A few days before Christmas, the doorbell would ring. A tall slightly stooped figure wearing jeans, a beanie hat, some kind of checked shirt, and looking earnest and intense would be on the doorstep. My brother Joss would embrace me in a surprisingly strong bear hug before striding purposefully through to the kitchen.

He never stayed long. He was social, booked elsewhere, but also dutiful to family and even though we were relatively new family – I knew him for just over half his life and just under half of mine – he made time for me and our other brother and especially our children.

We would exchange fast updates as I brewed the strong coffee we both liked on the stovepot, getting to the heart of things by the time we heard the familiar bubble and hiss. What did this or that behaviour in a fellow beloved relative mean? We were great cod psychoanalysts, he and I. We loved dissecting anxiety, motive, the murky depths of psyche.

Shortly after he would be off, planting three carefully chosen presents wrapped and labelled in his trademark spidery handwriting. Birthday and Christmas rituals were conducted absolutely punctually by “Uncle Joss”.

The absence of his presents under the tree, like the absence of his actual presence, remains a slow doubletake of surprise: I took the idea of his permanence entirely for granted. I think I still do. But he died just under a month ago. I thought I had all the time in the world to get to fully know him.

Why did I only meet him twenty years ago? It’s a story familiar to many: We shared the same father but not the same mother. Everyone makes their own arrangements in love and life. It was more minor intrigue than drama when his existence was revealed to me when I was thirty. I don’t know why, maybe because the minute I met him in a pub in Soho in the mid 1980’s he was strikingly familiar: he looked absolutely identical to our father, even more so than my other older brother, Andy.

Despite his wry sense of humour he radiated intensity and angst. He was a worrier. A perfectionist. A planner. He was restless. He had a big moral code. He liked the trivial and the deep, equally. He did not believe injustice, bigotry or social inequality should be tolerated. He wanted to change things. He believed in the power of literature and theatre and creativity to help make change.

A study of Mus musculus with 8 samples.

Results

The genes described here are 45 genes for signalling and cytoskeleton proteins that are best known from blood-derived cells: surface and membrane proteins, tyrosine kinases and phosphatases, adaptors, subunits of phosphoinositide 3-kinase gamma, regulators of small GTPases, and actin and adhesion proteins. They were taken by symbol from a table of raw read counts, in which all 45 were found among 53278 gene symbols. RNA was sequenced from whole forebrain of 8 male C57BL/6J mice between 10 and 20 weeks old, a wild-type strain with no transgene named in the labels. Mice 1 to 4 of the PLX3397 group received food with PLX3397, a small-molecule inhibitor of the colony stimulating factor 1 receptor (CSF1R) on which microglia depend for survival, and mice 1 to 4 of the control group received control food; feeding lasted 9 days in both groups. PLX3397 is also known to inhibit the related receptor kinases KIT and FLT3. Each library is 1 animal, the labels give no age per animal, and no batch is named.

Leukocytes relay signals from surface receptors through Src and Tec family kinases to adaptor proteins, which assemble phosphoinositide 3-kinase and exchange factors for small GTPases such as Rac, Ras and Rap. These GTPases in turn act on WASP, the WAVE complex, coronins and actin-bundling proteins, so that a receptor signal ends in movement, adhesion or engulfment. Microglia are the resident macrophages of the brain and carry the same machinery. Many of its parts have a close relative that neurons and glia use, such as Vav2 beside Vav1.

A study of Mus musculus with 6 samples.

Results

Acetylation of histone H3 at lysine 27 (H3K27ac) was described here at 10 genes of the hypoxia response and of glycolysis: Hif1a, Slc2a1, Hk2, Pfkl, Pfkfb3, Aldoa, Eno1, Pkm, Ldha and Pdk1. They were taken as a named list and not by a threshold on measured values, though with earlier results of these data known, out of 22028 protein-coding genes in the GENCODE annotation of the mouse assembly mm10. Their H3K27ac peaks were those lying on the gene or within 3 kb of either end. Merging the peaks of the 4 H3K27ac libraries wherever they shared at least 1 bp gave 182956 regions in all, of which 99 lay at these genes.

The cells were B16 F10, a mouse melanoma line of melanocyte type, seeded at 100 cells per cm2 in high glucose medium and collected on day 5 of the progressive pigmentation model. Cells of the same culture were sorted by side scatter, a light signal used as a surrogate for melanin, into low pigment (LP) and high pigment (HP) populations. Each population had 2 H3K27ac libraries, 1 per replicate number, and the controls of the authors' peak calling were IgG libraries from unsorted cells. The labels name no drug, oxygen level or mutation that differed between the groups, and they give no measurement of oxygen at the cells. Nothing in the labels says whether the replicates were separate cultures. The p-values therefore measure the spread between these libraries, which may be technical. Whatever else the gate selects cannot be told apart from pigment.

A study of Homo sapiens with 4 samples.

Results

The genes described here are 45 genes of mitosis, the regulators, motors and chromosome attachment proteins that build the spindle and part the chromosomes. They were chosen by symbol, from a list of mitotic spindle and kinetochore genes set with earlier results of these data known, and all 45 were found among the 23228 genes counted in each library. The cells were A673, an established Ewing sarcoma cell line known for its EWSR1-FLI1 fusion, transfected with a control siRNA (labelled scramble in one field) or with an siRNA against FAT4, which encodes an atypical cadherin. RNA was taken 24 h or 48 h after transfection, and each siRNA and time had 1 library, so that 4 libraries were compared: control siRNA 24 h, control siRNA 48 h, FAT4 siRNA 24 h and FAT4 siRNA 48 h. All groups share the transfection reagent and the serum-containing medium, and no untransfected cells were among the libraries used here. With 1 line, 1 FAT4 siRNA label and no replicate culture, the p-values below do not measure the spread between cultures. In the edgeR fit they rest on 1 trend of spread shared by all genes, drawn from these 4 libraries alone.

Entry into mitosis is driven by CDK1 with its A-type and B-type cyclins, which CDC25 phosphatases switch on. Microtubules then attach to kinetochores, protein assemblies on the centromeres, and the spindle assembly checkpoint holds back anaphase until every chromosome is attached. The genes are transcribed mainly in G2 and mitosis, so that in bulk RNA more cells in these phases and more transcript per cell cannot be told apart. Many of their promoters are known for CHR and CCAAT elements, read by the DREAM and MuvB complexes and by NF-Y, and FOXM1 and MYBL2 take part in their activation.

He devoted his life to directing theatre, writing about drama teaching, and to a theatre company he founded called Present Moment. He brought to blazing contemporary light ancient and abandoned plays, musicals, breathing new life into classics. He used theatre to bring the present moment alive.

He kept up a relentless pace in his life. He was always off in Birmingham directing, writing to deadline, buying rights to a forgotten play to produce or off to Key West or New York. He read voraciously. He liked Patti Smith, being upgraded at airports, shopping at John Lewis, cycling out and about in Crouch End, and a nice big gulp of good wine at our local Italian. If I was stressed he would provide his trademark reassurance by phone: “Keep breathing deeply”.

He is gone but he was here and made his mark and I’m grateful for that. I’m grateful to have known him for what turns out to have been too short a time. I’m grateful to have watched him grow in stature in his field, and to watch his children and grandchildren flourish under his tender loving care.

He was not, in some of his last words to me, “ready to go yet”. But fate had other plans. The last few weeks were hideous and painful and wrong and like a runaway train, but they were also full of love and closeness. The family was there. In the present as it slipped into the past.